March 5, 2010
CONTACT: K.E. Schwab
Budding scientists, determined students win SRU/PJAS honors
SLIPPERY ROCK, Pa. - Two budding scientists won four-year scholarships to Slippery Rock University and two science students who overcame obstacles in mounting their research were honored when the University hosted the Region IX Pennsylvania Junior Academy of Science annual meeting last weekend.
More than 900 participants, including parents and sponsors, were on hand for the awards ceremony in SRU's University Union following the daylong program of presentations of student research as part of the annual science fair. The event, hosted by SRU for the past 13 years, is coordinated by William Sigmund, SRU professor of biology.
The new $100 perseverance awards, provided by Devin Ronge, computer coordinator for the program and a fulltime employee of Lockheed Martin's Philadelphia operation, recognized students who stuck with their PJAS project after encountering a setback, including days off from school due to snow that impacted their science work.
This year's senior high award for perseverance went to Kayla Percic from Apollo Ridge High School for her sophomore biochemistry entry. She also won the SRU-sponsored senior high chemistry award. The junior high perseverance award went to Paige Weaver from Immaculate Conception School for her eighth-grade behavioral science entry.
Nominations for the new award were accepted from the student's sponsor or from judges after they had interviewed the students as part of the competition and learned of the difficulties.
Jessica Glas, a senior at Seneca Valley High School, was named recipient of the $12,000 SRU/PJAS Scholarship for her project titled "Phytoremediation of the Xenobiotic Acetylsalicylic Acid" in the botany category. Stephen Posney, a junior at Freeport Senior High School, was awarded the $12,000 SRU/PJAS Scholarship in the junior category for his project "Beat the Dealer: A Card Counting Enrichment Program" in the computer science category. The students will receive $3,000 in annual scholarship support if they attend SRU.
Glas also earned her sponsor, Dale Wagner, the Senior High Biology Mentor Award.
Other awards went to:
Zoe Reitz, a Freeport Senior High School freshman for her project, "Does Fly Ash Inhibit the Germination of Annual Rye Grass?" in the junior high biology category. Her sponsor, Donald Orlowski, received the Mentor Award.
Melissa Bigger, a Riverside High School sophomore, won top honors in the senior high mathematics category for her work titled "AStudy of the Isoperimetric System."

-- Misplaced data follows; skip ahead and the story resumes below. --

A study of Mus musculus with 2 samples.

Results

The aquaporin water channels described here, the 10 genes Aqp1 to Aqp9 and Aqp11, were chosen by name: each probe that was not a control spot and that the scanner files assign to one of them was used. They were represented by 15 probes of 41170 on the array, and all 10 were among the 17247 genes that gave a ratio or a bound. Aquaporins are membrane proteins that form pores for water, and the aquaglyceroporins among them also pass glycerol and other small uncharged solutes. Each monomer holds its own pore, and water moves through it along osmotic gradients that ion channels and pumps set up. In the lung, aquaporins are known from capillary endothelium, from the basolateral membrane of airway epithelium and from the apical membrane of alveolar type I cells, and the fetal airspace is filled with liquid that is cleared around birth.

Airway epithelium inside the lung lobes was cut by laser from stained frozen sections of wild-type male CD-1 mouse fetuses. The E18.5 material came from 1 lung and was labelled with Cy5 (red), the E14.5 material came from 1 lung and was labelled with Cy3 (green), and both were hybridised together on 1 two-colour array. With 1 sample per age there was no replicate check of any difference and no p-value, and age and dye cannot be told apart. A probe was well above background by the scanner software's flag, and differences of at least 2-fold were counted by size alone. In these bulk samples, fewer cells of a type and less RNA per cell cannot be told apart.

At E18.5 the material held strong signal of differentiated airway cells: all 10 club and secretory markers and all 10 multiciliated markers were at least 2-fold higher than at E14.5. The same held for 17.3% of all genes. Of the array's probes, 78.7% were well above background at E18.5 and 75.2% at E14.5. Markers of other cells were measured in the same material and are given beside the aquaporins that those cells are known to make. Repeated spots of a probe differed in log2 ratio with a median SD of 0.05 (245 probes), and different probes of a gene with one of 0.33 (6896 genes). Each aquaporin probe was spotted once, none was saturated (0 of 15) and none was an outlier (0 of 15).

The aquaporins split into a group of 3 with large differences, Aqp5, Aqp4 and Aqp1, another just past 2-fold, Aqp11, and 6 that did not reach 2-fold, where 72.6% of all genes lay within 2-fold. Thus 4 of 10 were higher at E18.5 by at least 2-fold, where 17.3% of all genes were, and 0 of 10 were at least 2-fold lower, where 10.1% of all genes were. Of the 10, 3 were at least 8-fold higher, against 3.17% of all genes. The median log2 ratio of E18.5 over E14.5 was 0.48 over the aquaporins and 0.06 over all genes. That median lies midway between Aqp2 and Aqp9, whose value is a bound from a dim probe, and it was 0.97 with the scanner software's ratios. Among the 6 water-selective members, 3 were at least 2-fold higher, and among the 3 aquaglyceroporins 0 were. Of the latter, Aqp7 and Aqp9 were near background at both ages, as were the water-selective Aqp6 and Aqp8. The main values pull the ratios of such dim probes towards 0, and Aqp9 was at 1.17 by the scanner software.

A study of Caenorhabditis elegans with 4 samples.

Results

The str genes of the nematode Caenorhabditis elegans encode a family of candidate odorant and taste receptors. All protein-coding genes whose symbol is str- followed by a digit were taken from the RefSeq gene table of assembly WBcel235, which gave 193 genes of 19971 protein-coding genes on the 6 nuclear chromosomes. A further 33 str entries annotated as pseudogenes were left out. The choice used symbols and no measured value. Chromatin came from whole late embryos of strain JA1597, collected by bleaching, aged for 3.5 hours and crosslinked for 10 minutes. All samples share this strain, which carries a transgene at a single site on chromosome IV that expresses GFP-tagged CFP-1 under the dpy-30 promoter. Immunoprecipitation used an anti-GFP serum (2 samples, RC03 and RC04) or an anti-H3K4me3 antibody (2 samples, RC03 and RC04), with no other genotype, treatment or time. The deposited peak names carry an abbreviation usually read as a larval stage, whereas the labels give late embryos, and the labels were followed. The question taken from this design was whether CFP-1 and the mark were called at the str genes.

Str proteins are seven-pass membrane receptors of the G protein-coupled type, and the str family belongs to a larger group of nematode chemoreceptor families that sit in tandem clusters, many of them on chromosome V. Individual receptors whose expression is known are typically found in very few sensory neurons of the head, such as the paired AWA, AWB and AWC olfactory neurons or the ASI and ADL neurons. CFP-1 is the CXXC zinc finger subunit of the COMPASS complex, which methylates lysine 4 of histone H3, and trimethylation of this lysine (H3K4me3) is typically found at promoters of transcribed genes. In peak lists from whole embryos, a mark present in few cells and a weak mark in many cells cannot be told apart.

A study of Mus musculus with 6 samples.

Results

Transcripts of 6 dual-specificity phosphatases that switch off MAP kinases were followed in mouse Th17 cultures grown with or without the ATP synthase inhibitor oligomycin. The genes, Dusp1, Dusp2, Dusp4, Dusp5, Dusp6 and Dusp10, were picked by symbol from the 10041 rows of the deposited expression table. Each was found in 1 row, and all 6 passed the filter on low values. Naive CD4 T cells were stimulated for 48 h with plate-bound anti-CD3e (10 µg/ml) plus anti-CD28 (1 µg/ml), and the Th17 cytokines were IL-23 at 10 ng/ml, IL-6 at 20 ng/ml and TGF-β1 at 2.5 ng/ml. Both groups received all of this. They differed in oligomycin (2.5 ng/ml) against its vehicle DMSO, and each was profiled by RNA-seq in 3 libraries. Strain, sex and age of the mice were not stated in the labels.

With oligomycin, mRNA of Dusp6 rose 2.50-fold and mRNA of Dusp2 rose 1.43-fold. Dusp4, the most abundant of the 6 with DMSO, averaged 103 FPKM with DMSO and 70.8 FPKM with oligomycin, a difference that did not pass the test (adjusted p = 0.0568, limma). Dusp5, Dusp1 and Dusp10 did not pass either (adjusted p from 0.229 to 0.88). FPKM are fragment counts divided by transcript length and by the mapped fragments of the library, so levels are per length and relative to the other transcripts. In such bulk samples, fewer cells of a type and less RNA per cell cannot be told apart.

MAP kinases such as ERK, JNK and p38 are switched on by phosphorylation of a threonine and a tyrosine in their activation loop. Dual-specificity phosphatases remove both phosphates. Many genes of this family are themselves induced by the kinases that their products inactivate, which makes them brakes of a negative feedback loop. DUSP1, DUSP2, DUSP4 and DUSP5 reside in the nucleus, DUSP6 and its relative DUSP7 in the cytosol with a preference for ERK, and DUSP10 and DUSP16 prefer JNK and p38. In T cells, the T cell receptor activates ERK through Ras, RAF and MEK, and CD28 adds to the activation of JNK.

Anand Singh, an eighth grader at Beaver Middle School, won the junior high mathematics category with "Fast Fractions."
Kayla Peric, an Apollo Ridge High School sophomore, took the senior high chemistry category with "A Sliver of Liver."
Gabrielle Houston, an eighth grader at St. Vitus School, New Castle, won the junior high chemistry category with "Which Drug Delivery Method Works Best?"
The PJAS presented a $250 award in behavioral science to Sarah Bishop a Butler High School junior. The award was created by Carmine Scotece from the Butler County Mental Health/Behavioral Health Center and a 25-year judge in the science program.
The Chick Stewart Award, presented to a future teacher, went to Madeline Williams, a West Middlesex High School senior.
The annual scholarship formally known as the "William R Sigmund PJAS Award," created by the Region IX Committee in 2007 in recognition of Sigmund's dedication and service to the program, will go to Jessica Rack, an SRU graduate student from Pittsburgh. The award is $250.
SRU President Robert Smith welcomed the judges at their pre-contest luncheon, and William Williams, provost and vice president for Academic Affairs at SRU, greeted the 535 students, 100 teacher-sponsors and nearly 200 parents at the awards ceremony. Twenty SRU faculty and more than 40 SRU students, many from Beta Beta Beta, the biology honorary, were among the 160 who served as judges.
Sigmund, who called the event an "overwhelming success," told the participants, "As a biologist, I am inspired by seeing so many young scientists on our campus to present the results of their scientific investigations. I want you to know how much I appreciate your enthusiasm and love for the sciences."
"I also want you to know about the tremendous opportunities offered by Slippery Rock University in math and science, including the opportunity to work cooperatively with a faculty member on scientific research," he said.
All students earning a "First Place" at the SRU competition advance to the state competition in May at State College.
Next year's meeting is scheduled for Feb. 26.
Slippery Rock University is Pennsylvania's premier public residential university. Slippery Rock University provides students with a comprehensive learning experience that intentionally combines academic instruction with enhanced educational and learning opportunities that make a positive difference in their lives.